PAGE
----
It’s arguably the biggest job opening in fashion, and has been the subject of fevered speculation for months: who will take the creative reins at Gucci? Ever since Alessandro Michele exited in November following a blockbuster reign, fans and followers have had the Italian powerhouse’s Fall-Winter 2023 menswear show circled in bright red ink on their calendars. The last time there was a creative interregnum at Gucci, eight years ago, the January men’s presentation served as Michele’s coming-out party. Down to the second the lights went out on Friday at the brand’s auditorium on the outskirts of Milan, guests were swapping theories about what we were about to witness. An evolution of Michele’s romantic, maximalist vision? Or a swerve in a bold new aesthetic direction?
What happened was a little bit of both. The idea behind the collection was improvisation, according to the show notes, the first six words of which might have made a few hearts race in the audience: “Improvisation is an act of collaboration.” But no, this was not a collection molded by an outside designer brought in to impose a vibe shift, a trending strategy utilized lately at Dior and now Louis Vuitton, who have tapped Brooklyn upstart Colm Dillane of KidSuper to construct the men’s collection this season. This was a collaboration, according to the release, between the “multi-faceted creatives and craftsmen who inhabit the house of Gucci.”
The show was roughly split into two halves, based on the cut of the trousers: super wide, and then skin tight. The wide movement took the louche tailoring that Michele turned into a fashion phenomenon, and pared it back to its component parts. The opening look—a white T-shirt, huge brown trousers, and sleek boots—signaled an intent to go back to basics, the only accessories a rich oversized bag and a humble navy beanie. Blazers were tailored long and wide to balance the flowing pants, and several floor-length skirts, cut up the middle, built upon Michele’s fascination with blending gendered style codes. This was the stuff that Michele fans will slide into with ease. “It feels like the grandma’s attic aesthetic that Alessandro made so perfectly is being deconstructed, and you’re seeing the boy who went up to Grandma’s attic a little bit,” said one such fan, playwright and Gucci guy Jeremy O. Harris, following the finale.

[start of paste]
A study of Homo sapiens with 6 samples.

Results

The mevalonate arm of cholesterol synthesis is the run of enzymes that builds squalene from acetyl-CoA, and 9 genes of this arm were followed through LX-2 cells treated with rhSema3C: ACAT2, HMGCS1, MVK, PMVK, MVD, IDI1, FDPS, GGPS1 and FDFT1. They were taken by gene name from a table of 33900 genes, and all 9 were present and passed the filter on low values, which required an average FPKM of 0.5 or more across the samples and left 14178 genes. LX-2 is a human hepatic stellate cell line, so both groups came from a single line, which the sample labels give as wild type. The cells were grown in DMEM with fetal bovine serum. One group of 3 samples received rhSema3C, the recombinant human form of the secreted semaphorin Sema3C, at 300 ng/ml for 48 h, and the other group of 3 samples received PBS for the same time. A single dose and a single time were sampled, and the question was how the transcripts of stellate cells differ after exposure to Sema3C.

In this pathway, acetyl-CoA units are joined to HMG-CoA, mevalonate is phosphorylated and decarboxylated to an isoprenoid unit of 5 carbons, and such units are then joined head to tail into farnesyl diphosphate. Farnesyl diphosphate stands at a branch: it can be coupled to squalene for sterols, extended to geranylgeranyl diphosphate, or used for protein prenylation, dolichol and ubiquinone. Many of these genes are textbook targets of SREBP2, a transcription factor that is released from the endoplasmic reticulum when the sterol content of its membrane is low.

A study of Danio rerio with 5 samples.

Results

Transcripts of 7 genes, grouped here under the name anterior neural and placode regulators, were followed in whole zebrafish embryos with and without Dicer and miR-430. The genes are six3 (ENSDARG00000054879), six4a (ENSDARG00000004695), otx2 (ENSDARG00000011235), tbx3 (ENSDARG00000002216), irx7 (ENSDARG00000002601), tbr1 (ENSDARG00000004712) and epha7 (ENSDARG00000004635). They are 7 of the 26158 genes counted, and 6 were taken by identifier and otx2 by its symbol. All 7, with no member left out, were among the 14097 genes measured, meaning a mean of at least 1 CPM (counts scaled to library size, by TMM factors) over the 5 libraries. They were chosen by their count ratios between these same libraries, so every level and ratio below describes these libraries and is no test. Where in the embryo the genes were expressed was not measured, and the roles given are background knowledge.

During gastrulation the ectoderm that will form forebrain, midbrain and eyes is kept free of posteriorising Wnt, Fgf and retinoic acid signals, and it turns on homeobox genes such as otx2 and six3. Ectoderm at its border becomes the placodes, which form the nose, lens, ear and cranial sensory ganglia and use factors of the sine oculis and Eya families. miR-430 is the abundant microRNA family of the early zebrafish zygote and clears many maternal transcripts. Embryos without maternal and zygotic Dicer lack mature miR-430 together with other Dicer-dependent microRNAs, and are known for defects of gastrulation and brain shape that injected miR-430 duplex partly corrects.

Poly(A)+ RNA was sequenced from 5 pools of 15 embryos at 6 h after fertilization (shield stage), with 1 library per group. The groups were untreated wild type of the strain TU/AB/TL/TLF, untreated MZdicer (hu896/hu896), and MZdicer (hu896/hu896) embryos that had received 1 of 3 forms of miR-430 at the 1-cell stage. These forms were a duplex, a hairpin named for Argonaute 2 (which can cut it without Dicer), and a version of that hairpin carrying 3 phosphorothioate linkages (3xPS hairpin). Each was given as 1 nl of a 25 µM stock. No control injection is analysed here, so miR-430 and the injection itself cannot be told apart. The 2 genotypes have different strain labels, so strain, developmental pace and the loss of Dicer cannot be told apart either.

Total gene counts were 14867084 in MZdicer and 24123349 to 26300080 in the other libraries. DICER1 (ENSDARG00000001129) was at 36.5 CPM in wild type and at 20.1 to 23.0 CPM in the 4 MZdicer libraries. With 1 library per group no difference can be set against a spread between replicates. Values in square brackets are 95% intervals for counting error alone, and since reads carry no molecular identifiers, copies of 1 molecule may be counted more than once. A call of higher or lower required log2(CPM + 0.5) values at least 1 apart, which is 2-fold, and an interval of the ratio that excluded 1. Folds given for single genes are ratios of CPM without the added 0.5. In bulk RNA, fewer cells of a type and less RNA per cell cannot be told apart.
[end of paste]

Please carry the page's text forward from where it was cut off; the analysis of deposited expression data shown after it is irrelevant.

As the show, set to a jam session by the bluesy trio of Marc Ribot’s Ceramic Dog, got underway, it became clear that the design studio had done some of their collaborating in the archives. Of all the rumors surrounding the future of Gucci after Michele’s departure, I’m not sure anybody expected the return of the furry loafer. But there it was: the erstwhile faux pelt-lined “Princetown” slipper, the Michele product that launched his name into the mainstream, refreshed with a heel. Elsewhere, a large, soft version of the hero Jackie bag was affixed with hardware originally designed by Tom Ford in his Gucci era, and moto jackets were resurrected from the aughts archives.
Which brings us to the second section of the show. Come si dice indie sleaze? This part was undeniably on-trend, and an inflection point in Gucci’s menswear story: a spirited mashup of garments sure to hit with a new customer. One who likes, for instance, silvery sequined matchstick jeans, leather moto jackets, and mid-calf pirate boots (with skinny jeans tucked in, of course). It’s a new approach for Gucci aesthetically, but also in spirit. Michele was razor-focused on building a lush universe; any garment dragged through his rich garden of baroque references and wavy styling moves would come out looking of a part with the whole vision. This part of the show, thought, felt much more in conversation with what’s happening outside the garden gates. I read a glammed-up response to vogueish vintage styling cues (the moto-wear and lived-in nylon vests and snow pants), as well as the unlikely return of aughts fashion. My suspicion was all but confirmed when I noticed that Harrison Patrick Smith of The Dare, whose music bottles the mood of the unbridled, hedonistic bloghouse era of NYC, was sitting in the front row, a few feet away from Gucci CEO Marco Bizzari. “A lot of the things I would actually wear,” Smith, set to DJ the afterparty, told me after the show. The second half naturally got his blood pumping, he said. “It has this power-clashing, super sparkly show-off vibe. And I could see someone wearing those boots in a basement bar and everybody being like, Look at those. Those are sick.”
Some guests very much dug Gucci’s charged new duality. Like Jalen Ramsey, the Super Bowl winning Los Angeles Rams cornerback, who was attending his first Gucci show. “The thing about Gucci is it gives you a little variety,” he told me. “So I can step out of the box, or I can just go with something that I’m already comfortable with.” Ramsey saw a few things he can’t wait to wear: the flared pants and suit jackets in particular. “All of the jackets were dope.” Some of it wasn’t for him, like an eye-catching yellow leather boiler suit. “That one’s a little loud, that one’s out there,” he said. But he couldn’t wait to get backstage to check out the fresh looks in person. “I loved it,” Ramsey told me. “The new era of Gucci has already been fun.”
See who else hit the front row for Gucci’s Fall-Winter 23 show below.